A Towson University student has proposed a campus White Student Union, leaving administrators and the student government walking a fine line between students' First Amendment rights and avoiding what many are calling outright racism at the Maryland university.
"Every ethnic group has its own advocacy group but white students don't," Matthew Heimbach, a senior studying U.S. history at Towson, told The Huffington Post.
Tensions were further inflamed last week when the group brought Jared Taylor to campus. Taylor is described by the Southern Poverty Law Center as a "white nationalist" who has argued black hate crimes against whites exponentially outnumber white-on-black hate crimes. Taylor came to offer support for the proposed White Student Union, claiming it "a spectacular double standard that only whites are singled out and told they can't have a race-based organization."
In his presentation at Towson, Taylor reportedly explained why diversity is a problem, citing examples like race riots in prisons.
Heimbach is no stranger to controversy. He led a campus chapter of Youth for Western Civilization, an anti-multiculturalism right-wing group which lost its recognition by the Towson student government last spring when its faculty adviser resigned. Members of the YWC were accused of chalking "White Pride" around campus.
Heimbach said he thought forming the White Student Union would have broader appeal after the YWC fallout. He insisted the people who are most vocal in their opposition to a White Student Union are the same as those who hated the YWC and aren't fans of college Republicans.
"Any time there's a group with conservative principles and white students standing up for themselves, it's a battle cry for radical leftists on campus," Heimbach said. "There's nothing I could do or say … to try and get these people on the same page as us."
Many of the students who spoke to HuffPost compared this White Student Union to that now-disbanded Towson chapter of YWC.
"The rhetoric used to justify the YWC and now the White Student Union is just a means to legitimate open hate speech on the grounds of embracing the right to free speech," said Raul Ceballos, a 22-year-old junior at Towson.
Glenn Daniels Jr., who graduated from Towson last year, said the White Student Union would be the exact same thing at the YWC, and he isn't wasn't sure why the university is giving Heimbach a chance to form another group. Daniels said many students don't feel comfortable with a group like this on campus.
"I have full confidence that the president is taking the right steps [but] I'm disappointed in the Student Government Association," Daniels said. He hopes the SGA denies Heimbach's request to be an official Towson student group.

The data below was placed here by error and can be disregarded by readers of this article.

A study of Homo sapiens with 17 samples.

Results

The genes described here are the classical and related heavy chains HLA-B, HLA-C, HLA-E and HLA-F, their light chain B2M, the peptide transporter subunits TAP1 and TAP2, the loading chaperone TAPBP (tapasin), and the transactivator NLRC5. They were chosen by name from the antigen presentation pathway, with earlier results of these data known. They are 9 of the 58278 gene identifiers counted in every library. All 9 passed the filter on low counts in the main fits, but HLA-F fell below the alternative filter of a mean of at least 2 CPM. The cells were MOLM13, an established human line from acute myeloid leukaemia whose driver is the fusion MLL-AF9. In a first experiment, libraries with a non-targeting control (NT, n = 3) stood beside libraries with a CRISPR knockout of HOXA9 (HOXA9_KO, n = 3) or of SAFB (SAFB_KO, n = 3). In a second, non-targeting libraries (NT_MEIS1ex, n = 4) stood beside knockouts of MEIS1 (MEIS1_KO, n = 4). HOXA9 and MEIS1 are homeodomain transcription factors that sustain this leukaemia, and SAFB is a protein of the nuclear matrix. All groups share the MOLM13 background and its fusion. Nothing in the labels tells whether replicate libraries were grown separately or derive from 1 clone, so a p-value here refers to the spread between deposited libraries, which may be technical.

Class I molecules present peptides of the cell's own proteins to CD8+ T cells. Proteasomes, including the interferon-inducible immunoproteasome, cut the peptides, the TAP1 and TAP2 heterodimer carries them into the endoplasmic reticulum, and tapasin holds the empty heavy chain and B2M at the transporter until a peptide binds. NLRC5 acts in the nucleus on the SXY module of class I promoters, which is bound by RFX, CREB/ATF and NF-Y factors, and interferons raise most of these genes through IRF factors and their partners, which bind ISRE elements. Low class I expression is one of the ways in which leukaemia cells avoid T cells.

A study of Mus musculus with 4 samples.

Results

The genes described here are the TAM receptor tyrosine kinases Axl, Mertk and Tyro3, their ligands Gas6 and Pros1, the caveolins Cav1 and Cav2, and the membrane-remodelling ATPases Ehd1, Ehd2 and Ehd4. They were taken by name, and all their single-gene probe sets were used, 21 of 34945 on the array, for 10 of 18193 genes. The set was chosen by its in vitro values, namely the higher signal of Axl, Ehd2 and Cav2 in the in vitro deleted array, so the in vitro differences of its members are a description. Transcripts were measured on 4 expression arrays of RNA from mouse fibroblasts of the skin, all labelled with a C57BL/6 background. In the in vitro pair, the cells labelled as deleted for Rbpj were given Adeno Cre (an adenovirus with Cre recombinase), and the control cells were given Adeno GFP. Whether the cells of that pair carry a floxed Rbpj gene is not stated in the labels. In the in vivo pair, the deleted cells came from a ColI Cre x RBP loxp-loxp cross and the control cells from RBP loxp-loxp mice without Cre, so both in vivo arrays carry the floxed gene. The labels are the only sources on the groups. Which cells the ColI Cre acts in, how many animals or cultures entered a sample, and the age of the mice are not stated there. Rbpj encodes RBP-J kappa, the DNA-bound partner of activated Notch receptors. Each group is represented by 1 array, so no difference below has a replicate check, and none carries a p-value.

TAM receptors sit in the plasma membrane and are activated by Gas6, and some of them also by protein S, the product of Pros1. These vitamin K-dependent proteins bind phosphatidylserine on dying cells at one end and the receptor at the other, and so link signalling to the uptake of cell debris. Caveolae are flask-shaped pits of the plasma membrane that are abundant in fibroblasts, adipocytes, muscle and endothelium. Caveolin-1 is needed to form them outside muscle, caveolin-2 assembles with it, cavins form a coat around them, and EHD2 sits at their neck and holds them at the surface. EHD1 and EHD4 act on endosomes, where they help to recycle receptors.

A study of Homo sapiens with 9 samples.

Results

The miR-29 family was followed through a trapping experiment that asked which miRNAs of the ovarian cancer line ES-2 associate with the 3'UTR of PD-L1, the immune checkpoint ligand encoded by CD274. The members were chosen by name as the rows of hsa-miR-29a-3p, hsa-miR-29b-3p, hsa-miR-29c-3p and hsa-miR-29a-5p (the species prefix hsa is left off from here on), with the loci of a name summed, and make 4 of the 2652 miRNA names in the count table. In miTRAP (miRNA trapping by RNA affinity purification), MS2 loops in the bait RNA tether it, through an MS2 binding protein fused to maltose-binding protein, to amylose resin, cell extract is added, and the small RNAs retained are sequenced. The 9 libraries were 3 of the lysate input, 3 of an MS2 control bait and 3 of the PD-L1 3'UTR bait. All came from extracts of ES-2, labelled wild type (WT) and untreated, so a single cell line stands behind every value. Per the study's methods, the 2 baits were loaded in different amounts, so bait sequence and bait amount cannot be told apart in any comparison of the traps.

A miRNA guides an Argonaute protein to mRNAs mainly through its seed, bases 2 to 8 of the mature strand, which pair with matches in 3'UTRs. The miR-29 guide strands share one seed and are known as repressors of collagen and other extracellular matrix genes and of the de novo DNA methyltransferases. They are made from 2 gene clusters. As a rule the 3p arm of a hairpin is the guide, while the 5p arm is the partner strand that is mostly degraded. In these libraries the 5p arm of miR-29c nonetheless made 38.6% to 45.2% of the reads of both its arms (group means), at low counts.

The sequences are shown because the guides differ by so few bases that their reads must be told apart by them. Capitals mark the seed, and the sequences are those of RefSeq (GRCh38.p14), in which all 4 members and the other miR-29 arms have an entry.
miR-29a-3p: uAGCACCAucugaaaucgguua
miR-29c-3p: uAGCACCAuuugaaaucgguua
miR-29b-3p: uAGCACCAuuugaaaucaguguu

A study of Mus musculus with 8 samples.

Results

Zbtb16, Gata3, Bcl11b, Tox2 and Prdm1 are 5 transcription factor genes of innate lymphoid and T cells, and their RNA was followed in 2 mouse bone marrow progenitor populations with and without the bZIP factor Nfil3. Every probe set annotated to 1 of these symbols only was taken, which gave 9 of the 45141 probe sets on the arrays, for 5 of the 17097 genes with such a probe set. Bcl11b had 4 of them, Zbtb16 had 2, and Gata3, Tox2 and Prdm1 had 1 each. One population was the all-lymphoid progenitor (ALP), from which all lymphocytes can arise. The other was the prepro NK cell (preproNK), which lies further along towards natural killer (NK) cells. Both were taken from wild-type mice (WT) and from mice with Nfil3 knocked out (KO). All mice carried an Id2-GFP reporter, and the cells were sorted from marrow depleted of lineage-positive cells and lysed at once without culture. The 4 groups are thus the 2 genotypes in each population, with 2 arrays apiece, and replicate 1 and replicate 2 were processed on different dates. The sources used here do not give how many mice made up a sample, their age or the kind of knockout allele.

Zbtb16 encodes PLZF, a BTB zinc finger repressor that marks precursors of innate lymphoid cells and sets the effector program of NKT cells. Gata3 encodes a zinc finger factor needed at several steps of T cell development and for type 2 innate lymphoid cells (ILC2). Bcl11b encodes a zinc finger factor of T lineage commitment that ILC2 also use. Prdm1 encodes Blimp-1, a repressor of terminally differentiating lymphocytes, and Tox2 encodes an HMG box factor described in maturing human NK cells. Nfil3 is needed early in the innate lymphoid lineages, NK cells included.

Brandy N. Hall, president of the Towson SGA, told HuffPost it remains an "unbiased party" and hasn't received paperwork from Heimbach yet. So for now, "SGA has no opinion."
So far, 1,128 people have signed a petition calling for Towson President Maravene Loeschke to denounce the White Student Union.
Victor Collins, assistant vice president of student affairs for diversity at Towson, insisted in a recent interview with HuffPost Live that it will not allow racist groups on their campus.
"The organization has the right to exist as long as they follow all the rights and regulations; we cannot stop a group from forming an organization," Collins said. "No student organization on our campus can in fact restrict by race membership. The black student union has white members."
Many also questioned why a student would feel the need to form a White Student Union, given that the school is predominately Caucasian. English professor Lena Ampadu Ph.D., has taught at Towson for three decades and said the majority of the campus has always been white. Currently, 68 percent of Towson's student population is white.
"If people would want to start a white student union at an HBCU (Historically Black College & University), it would make more sense," Collins said.
Heimbach said there are many issues his group would address. He said he knows white female students who feel they're not protected on campus and white students who have been reluctant to file bias reports. Heimbach said he has more than a dozen students interested in joining his group.
If they're approved by the SGA, they'll bring in speakers, discuss affirmative action and "stop talking about white identity as something that's negative," Heimbach said. He also hopes to launch "an awareness campaign about the rising black on white crime, especially in the Baltimore area." He also recently announced his group would perform night patrols and potentially make "citizen's arrests."
Critics point out Americans of European descent generally considered today as white -- such as Italians, Germans and Slavs -- were once regarded as minorities.
But Heimbach said he wishes people would "stop insulting white students for simply trying to stand up for who they are."
Ceballos doesn't think Heimbach gets it. "The nature of minority student groups on campus has always been an avenue for self-expression, empowerment, solidarity and social engagement in a predominantly white institution," Ceballos said, with that institution being the college campus.
"Heimbach’s assertions that there is some sort of bias against white people at Towson is ignoring the sheer fact of the cultural hegemony that encircles college campuses nationwide," Ceballos added. "Minority under representation, whether intentional or incidental, is a very real phenomenon within our country."